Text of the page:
When You Wish Upon…an Inhaler?


‘Experience the magic’ might be Disney’s motto, but residents who live downwind of the company’s Hong Kong theme park might experience something not so enchanting: respiratory problems from debris in the fireworks displays.  

The issue isn’t new. In 2001 Anaheim, California residents charged that the smoke from Disney’s fireworks exacerbated asthma in children. In response, in 2004 Disney made the switch from traditional fireworks to eco-friendly ones (which use compressed air technology)—decreasing noise by 60 percent and significantly reducing the smoke from the nightly show. But Hong Kong residents might not be so lucky, according a Clarkson University article.

Disney insists that compressed air technology is not suitable for "low level fireworks" at the Hong Disney theme park. Hong Kong's Environmental Committee is looking at the pollution generated by the nightly fireworks and its possible effect on residents of nearby Discovery Bay and Ping Chau Island. However, the study may be a mere formality because Disney has already passed the environmental assessment and has been granted permission to use the conventional fireworks.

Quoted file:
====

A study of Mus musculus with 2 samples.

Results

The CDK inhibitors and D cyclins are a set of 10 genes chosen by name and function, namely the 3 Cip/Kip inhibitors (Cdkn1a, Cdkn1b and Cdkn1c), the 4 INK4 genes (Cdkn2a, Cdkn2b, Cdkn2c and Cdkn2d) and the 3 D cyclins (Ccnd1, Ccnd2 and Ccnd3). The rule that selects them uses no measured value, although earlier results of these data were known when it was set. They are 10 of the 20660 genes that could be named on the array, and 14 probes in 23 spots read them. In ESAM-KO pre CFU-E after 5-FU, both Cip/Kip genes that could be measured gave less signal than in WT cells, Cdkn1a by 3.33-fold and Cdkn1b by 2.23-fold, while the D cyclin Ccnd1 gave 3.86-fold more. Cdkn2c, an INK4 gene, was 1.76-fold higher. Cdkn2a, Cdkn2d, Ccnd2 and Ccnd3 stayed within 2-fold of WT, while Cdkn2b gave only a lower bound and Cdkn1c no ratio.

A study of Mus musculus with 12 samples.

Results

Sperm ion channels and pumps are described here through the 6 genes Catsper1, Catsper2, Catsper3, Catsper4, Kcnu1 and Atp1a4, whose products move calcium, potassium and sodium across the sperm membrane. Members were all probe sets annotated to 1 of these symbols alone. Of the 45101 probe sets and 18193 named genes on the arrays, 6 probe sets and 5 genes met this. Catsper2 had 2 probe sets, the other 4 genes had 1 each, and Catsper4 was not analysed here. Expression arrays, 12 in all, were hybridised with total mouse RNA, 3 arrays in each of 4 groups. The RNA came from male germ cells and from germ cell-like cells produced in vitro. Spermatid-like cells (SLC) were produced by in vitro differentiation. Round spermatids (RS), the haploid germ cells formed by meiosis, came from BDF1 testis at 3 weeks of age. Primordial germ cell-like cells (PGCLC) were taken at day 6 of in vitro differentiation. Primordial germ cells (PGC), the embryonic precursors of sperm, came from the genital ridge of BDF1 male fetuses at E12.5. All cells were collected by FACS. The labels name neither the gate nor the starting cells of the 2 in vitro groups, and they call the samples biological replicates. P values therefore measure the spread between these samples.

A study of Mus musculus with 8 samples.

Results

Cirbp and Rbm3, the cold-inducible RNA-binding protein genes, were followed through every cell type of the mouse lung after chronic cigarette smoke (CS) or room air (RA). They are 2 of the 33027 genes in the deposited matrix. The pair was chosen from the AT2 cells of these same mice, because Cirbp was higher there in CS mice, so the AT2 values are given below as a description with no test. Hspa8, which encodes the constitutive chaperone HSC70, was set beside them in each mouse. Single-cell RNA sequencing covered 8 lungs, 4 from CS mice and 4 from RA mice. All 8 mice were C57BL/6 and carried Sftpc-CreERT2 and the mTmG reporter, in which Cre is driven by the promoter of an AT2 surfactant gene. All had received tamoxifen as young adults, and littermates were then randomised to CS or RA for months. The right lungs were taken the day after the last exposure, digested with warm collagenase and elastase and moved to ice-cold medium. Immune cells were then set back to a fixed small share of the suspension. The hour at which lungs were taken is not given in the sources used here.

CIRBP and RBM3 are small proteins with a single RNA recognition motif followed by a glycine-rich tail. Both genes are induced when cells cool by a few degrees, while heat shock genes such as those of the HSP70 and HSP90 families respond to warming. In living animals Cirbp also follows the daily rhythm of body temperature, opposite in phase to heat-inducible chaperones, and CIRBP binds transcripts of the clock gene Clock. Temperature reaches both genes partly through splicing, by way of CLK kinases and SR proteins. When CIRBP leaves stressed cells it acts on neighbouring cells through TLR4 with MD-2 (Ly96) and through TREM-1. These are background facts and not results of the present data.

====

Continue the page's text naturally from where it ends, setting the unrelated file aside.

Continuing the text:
In 2002, Hong Kong's Environmental Department tested the effect of fireworks on air quality, and was satisfied with the reports by Disney that showed pollution and environmental effects met government standards. Hopke, a universally renowned expert on airborne pollution, disagrees with that assessment, telling the Hong Kong Economic Times "the nightly fireworks show would expose residents in the down-wind region to high concentrations of suspended particles." He also said, "The nightly fireworks would make the condition worse for those with respiratory problems or heart disease, especially for Asians who are prone to bronchitis."

Should Disney decide that the hullabaloo warrants damage control, we’ve got a suggestion: Just give the audience, er, residents, a character they can empathize with. We recommend retiring Sneezy (of Snow White and the Seven Dwarfs) and bringing in a new, respiratorily challenged protagonist, Wheezy.